An ice sculpture may only last for a few hours, but the most dedicated artists spend years honing the skills it takes to craft these exquisite works of art. Ice is the primary or sole medium in creating this type of sculpture. Owing to the volatility of the raw material, ice sculptures are often deemed too extravagant for informal occasions. Although it’s a mainstay in formal events, you can get an ice sculpture to perk up your engagement party, wedding, birthday, as well as any corporate event.

There are many things to consider in making ice sculptures. The artists must be well-trained in handling such delicate raw material. Let’s go behind the scenes and uncover how ice sculptures are carved and how artists make sure their intricate ice crafts get delivered to you in perfect form.

Materials and Tools

A clear ice, devoid of impurities, is ideal for carving. Blocks of ice must be carefully selected based on the type of sculpture the artist wishes to make. Ideally, dyes can be added to make colored blocks for special purposes.

Types of Ice

  • Clear Ice – also known as Clinebell blocks, are crystal-clear blocks of ice produced by a block maker machine — simply known as a Clinebell machine. These machines produce crystal clear blocks instead of the cloudy cubes from most freezers by freezing water from the bottom up. Pumps also circulate the water to prevent bubbles and impurities that get trapped under the upper layer of ice. The machine produces two 15-lbs blocks of ice every three days. The advantage of this type of ice is clarity and consistency — each block measures 40”x 20”, with a depth of 91/2”-10”.
  • Can Ice – this inexpensive type of ice is made by placing the can in brine and generating a core with a pump, which stirs the water in such a way that impurities settle in the center. Can ice comes out of the freezer ready to be carved, and aside from its attractive price, it is also produced faster than other types of ice.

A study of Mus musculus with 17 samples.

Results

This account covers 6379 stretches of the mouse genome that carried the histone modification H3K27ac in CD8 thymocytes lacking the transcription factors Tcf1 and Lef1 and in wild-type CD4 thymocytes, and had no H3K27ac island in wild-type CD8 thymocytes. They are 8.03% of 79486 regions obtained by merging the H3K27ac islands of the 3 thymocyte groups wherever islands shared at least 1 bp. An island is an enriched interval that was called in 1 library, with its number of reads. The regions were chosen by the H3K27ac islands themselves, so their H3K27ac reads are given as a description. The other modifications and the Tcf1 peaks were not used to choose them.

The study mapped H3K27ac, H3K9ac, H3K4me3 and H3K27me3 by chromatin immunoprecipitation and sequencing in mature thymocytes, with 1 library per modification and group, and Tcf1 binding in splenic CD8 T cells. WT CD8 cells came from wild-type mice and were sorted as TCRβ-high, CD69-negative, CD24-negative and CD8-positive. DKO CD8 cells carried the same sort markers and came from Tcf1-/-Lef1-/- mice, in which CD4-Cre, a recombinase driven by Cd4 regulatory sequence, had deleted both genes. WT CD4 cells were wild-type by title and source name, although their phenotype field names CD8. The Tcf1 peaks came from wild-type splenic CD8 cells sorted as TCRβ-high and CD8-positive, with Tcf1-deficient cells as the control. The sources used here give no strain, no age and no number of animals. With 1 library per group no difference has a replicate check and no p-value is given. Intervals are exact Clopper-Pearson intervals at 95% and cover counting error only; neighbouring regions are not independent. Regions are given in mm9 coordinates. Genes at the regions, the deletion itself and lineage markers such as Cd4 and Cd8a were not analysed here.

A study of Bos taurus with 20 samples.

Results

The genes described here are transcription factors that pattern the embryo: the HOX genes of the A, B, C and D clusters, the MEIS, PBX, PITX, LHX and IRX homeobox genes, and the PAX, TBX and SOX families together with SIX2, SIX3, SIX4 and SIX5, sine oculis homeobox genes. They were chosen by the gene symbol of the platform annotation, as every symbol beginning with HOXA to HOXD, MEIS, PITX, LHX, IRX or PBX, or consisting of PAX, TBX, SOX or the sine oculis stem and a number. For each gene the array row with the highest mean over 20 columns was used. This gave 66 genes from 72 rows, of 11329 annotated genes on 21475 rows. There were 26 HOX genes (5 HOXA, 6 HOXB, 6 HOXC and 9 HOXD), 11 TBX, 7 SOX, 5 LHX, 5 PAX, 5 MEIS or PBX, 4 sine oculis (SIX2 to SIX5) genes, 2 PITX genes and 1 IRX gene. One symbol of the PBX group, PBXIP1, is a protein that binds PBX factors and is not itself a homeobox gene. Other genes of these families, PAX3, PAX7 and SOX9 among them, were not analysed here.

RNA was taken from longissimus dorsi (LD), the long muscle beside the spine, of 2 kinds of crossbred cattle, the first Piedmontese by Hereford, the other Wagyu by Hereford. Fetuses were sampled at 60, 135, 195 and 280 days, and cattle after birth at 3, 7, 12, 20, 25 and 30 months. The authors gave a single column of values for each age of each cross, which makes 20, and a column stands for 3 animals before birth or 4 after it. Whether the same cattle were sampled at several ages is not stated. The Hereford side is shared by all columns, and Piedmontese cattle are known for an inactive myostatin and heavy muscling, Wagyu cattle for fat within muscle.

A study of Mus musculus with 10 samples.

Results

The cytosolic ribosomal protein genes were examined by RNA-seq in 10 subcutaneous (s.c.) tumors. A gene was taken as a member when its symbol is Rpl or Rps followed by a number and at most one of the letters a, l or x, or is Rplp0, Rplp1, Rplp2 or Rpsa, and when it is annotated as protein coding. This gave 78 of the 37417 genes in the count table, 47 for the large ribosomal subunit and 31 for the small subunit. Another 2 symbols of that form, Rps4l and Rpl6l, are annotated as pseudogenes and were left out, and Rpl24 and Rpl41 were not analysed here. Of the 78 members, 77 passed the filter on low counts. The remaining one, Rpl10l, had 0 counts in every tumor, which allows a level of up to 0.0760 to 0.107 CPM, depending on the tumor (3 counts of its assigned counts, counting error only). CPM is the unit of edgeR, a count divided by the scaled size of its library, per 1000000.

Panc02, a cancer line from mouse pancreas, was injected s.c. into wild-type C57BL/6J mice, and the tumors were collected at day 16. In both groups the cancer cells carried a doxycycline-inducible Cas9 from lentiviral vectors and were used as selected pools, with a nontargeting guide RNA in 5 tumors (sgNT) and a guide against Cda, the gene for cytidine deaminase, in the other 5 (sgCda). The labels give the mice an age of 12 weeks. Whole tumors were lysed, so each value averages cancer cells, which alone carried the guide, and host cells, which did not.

• Natural Ice – this type of ice is formed from man-made ponds sans bubbles and algae. Natural ice comes in different sizes and with a dazzling blue color. Large ice sculpting events, such as the ice sculpture World Championship in Alaska, uses this type of ice.

Ice Sculpting Tools and Techniques

Using power tools such as a chainsaw or die grinder, fitted with specialty bits, can make ice carving easier. It is possible for a seasoned sculptor to finish a piece in less than 15 minutes using these tools.

The most common hand tools used for carving include hand saws, chisels, ice tongs, jigs, compasses and chippers. These tools are specifically designed for ice carving. Large and intricate sculptures, such as company logos, are often made by machines and molding systems.

A desired color can be added to the sculpture using colored gelatin, paint, and paste. Fine ice and snow mixture are applied on engraved logos to make the letters appear white.

7 Steps in Ice Carving

Designing – make a template using wallpaper. It is convenient to use wallpaper in making silhouettes because they don’t tear when they get wet. You can practice drawing your design first to have a good grasp of the artwork before drawing it on the template paper. Draw one silhouette on the paper, wet it, and transfer it to one side using a die grinder with a tracing bit. You can transfer your design on the block with a permanent marker if you’re carving dry ice.

Cutting Out – Remove the template paper. Wear a pair of thermal gloves and cut out the silhouette using a chainsaw. Be precise: keep your cuts at 90 degrees, and avoid overcutting. For tight turns and spaces, use a die grinder.

Blocking In – the process of creating layers and levels: one of the most difficult process to learn. Use a die grinder to carve in the reference lines, and chainsaw and chisel to push back levels.

Rounding – cut off the corners of the piece using a chain saw, chisel, and die grinder with a shaping bit attached.

Sanding – once the levels and layers are out, begin sanding with an angle grinder or pistol grip sander. Smoothen the corners and edges and the areas you want to be free of tool marks.

Detailing – carving action takes place at this stage. The more intricate details, such as facial features and textures, are created using a die grinder with a Vee bit or other similar bit.

Cleaning – clean all drips, slush, and tool marks. Use water for ice above 50 degrees. Propane for 30-50 degrees. Use chisel if the temperature is below 30 degrees. A brush can be used for ice in varying temperatures.